Just when you think you have parenting under control

What I didn't know this time was that her boyfriend was going on the camping trip...

My eight-year-old son recently went camping with his best friend and his family. The friend’s mom is a single mother and my boy has spent lots of time at her house and has camped with her and her two children before.

What I didn’t know this time was that her boyfriend was going on the camping trip. When my son came home and told me this and he also told me that he and his friend had slept in one tent with this man while the mother and her daughter slept in another one.

I don’t think this is right at all and I told my son that. He is now upset and I don’t know how to handle this with him or with his friend’s mother.

One of the frustrating things about parenting is that just when we think we have everything under control, something unforeseen pops up and throws us for as loop!

Clearly you thought this camping trip was going to be like all the other times your son has been with his friend and his friend’s family and now you are faced with this upsetting news.

To start with your concerns about your son, he is now aware that you do not approve of the sleeping arrangements on the camping trip. He may be feeling like he did something wrong and may be wondering what he should have done.

I don’t think that the decision to include the boyfriend on the trip and to have your son sleep in his tent was in any way your son’s responsibility.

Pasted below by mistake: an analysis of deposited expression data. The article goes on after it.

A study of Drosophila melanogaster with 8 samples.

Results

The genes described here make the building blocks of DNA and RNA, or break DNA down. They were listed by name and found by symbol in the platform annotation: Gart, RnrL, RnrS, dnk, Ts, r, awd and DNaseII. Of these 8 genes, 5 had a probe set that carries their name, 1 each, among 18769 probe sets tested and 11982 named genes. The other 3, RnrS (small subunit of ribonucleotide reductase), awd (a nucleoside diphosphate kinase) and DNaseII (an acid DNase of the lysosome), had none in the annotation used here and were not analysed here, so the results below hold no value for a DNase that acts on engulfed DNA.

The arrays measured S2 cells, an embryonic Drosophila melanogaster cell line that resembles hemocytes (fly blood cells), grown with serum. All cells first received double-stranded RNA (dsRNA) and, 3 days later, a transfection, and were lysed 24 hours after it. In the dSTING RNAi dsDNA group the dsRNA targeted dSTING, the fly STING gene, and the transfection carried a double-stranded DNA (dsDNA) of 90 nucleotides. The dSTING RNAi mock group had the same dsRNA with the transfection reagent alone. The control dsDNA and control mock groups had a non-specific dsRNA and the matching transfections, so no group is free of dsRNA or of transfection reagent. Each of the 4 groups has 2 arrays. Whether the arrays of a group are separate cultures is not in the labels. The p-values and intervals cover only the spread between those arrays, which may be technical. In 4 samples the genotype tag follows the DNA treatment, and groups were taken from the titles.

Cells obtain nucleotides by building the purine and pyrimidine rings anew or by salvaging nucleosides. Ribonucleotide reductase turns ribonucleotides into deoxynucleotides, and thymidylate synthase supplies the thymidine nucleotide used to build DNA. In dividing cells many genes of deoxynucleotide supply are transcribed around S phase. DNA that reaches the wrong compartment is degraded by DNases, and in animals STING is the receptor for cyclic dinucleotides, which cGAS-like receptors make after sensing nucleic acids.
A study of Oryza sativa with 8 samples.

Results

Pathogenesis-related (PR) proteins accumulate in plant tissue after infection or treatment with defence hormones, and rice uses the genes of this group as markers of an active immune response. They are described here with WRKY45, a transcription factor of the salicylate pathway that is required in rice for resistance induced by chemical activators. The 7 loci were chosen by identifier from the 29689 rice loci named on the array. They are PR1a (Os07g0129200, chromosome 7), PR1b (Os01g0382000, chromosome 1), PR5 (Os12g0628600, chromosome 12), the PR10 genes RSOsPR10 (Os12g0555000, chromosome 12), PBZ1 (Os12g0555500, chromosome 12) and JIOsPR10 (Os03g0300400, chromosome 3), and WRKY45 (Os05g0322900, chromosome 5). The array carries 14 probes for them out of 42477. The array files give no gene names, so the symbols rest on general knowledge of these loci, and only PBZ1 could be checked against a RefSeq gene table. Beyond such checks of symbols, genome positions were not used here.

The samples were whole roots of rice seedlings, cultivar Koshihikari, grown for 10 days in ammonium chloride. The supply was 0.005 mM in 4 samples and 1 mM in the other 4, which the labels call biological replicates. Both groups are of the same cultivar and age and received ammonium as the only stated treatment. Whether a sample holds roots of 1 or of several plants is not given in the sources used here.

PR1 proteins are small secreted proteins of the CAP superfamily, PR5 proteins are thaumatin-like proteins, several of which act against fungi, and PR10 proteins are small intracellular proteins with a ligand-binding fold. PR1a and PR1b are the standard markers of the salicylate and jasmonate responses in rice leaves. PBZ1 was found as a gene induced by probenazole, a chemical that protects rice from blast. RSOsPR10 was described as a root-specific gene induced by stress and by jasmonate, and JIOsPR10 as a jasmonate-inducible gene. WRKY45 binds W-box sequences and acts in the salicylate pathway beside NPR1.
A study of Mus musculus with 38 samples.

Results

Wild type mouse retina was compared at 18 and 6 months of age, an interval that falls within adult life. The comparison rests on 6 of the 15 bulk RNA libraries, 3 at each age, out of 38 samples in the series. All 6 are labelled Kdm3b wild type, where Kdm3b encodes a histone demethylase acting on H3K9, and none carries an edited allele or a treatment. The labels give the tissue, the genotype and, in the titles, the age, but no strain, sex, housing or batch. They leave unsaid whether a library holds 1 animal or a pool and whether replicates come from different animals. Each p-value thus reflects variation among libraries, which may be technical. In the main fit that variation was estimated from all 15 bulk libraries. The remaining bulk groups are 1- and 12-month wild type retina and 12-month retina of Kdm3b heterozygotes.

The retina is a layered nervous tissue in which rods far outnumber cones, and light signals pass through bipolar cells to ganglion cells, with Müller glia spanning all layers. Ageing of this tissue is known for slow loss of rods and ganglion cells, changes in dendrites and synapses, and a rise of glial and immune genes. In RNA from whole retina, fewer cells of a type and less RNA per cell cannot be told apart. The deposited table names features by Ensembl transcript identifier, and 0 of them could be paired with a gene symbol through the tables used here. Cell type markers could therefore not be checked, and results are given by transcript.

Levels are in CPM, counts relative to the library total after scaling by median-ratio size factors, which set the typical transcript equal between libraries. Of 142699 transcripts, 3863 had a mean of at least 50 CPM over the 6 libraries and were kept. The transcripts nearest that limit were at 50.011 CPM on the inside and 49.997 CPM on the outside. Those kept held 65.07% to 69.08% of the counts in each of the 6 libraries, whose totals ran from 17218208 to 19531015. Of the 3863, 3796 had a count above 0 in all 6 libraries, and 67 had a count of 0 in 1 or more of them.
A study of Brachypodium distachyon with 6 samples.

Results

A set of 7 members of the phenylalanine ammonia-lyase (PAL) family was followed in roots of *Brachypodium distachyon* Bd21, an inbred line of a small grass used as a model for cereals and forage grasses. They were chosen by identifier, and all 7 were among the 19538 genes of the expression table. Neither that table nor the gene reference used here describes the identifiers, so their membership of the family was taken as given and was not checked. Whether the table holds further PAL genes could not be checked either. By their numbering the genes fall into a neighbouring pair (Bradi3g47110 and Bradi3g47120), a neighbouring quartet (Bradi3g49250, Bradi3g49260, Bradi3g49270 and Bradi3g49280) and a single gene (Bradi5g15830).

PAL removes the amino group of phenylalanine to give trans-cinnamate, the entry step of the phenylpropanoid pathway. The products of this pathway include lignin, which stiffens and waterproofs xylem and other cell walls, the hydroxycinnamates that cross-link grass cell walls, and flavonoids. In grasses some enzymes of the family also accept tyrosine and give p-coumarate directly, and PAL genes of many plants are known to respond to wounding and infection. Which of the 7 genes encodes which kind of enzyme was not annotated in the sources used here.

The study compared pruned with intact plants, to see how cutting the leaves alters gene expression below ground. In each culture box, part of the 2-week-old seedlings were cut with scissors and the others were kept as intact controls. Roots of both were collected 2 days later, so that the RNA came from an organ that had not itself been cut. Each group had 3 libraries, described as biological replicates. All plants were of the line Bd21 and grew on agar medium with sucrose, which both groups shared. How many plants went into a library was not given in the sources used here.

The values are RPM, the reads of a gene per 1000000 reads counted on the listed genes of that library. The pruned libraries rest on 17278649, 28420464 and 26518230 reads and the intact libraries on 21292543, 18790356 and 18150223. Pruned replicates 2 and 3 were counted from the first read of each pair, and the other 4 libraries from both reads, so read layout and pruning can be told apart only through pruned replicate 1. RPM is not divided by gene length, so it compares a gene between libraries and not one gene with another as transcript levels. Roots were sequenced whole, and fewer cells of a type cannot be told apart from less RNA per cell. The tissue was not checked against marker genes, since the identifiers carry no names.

My suggestion is that you let him know that this was not his fault and that it is an adult issue. You could also reinforce the idea that if he is ever uncomfortable about what another person asks him to do then he should talk to you or to another trusted adult.

Your main concern here, I think, is the friend’s mother’s decision to include her boyfriend, to put your son in his tent for the night, and to do both of these without talking with you beforehand. You will need to address these issues with her before you can feel trust in her ability to make good decisions that involve your son in the future.

How you go about addressing these things with the friend’s mother depends on your relationship with her and your communication style. These are a couple of things though that I think are important no matter how you choose to go about it.

One of them is that you communicate with her soon and certainly before your son visits her home again. Leaving it for awhile and allowing your son to visit before it is resolved will only increase anxiety for both of you.

Another important thing to think about is your expectation for the friend’s mother’s behaviour in the future. This is something to get clear within yourself about and then to communicate clearly to her.

Your willingness to trust her with making decisions about your son when he is in her care depends on her understanding of your expectations and her willingness to act on them. I would suggest to you that if there is any doubt about this then you may need to limit your son’s time with his friend to occasions that you can monitor in some way.

I hope this works out well for you and your son.

If you wish to ask a question of the counsellors, for a response in future columns, e-mail them at info@pacifictherapy.ca. Consult a Counsellor is provided by registered clinical counsellors Nancy Bock, Diane Davies Leslie Wells, Andrew Lochhead and Sara Lynn Kang at pacific therapy & consulting inc. It appears every second Thursday in the Record.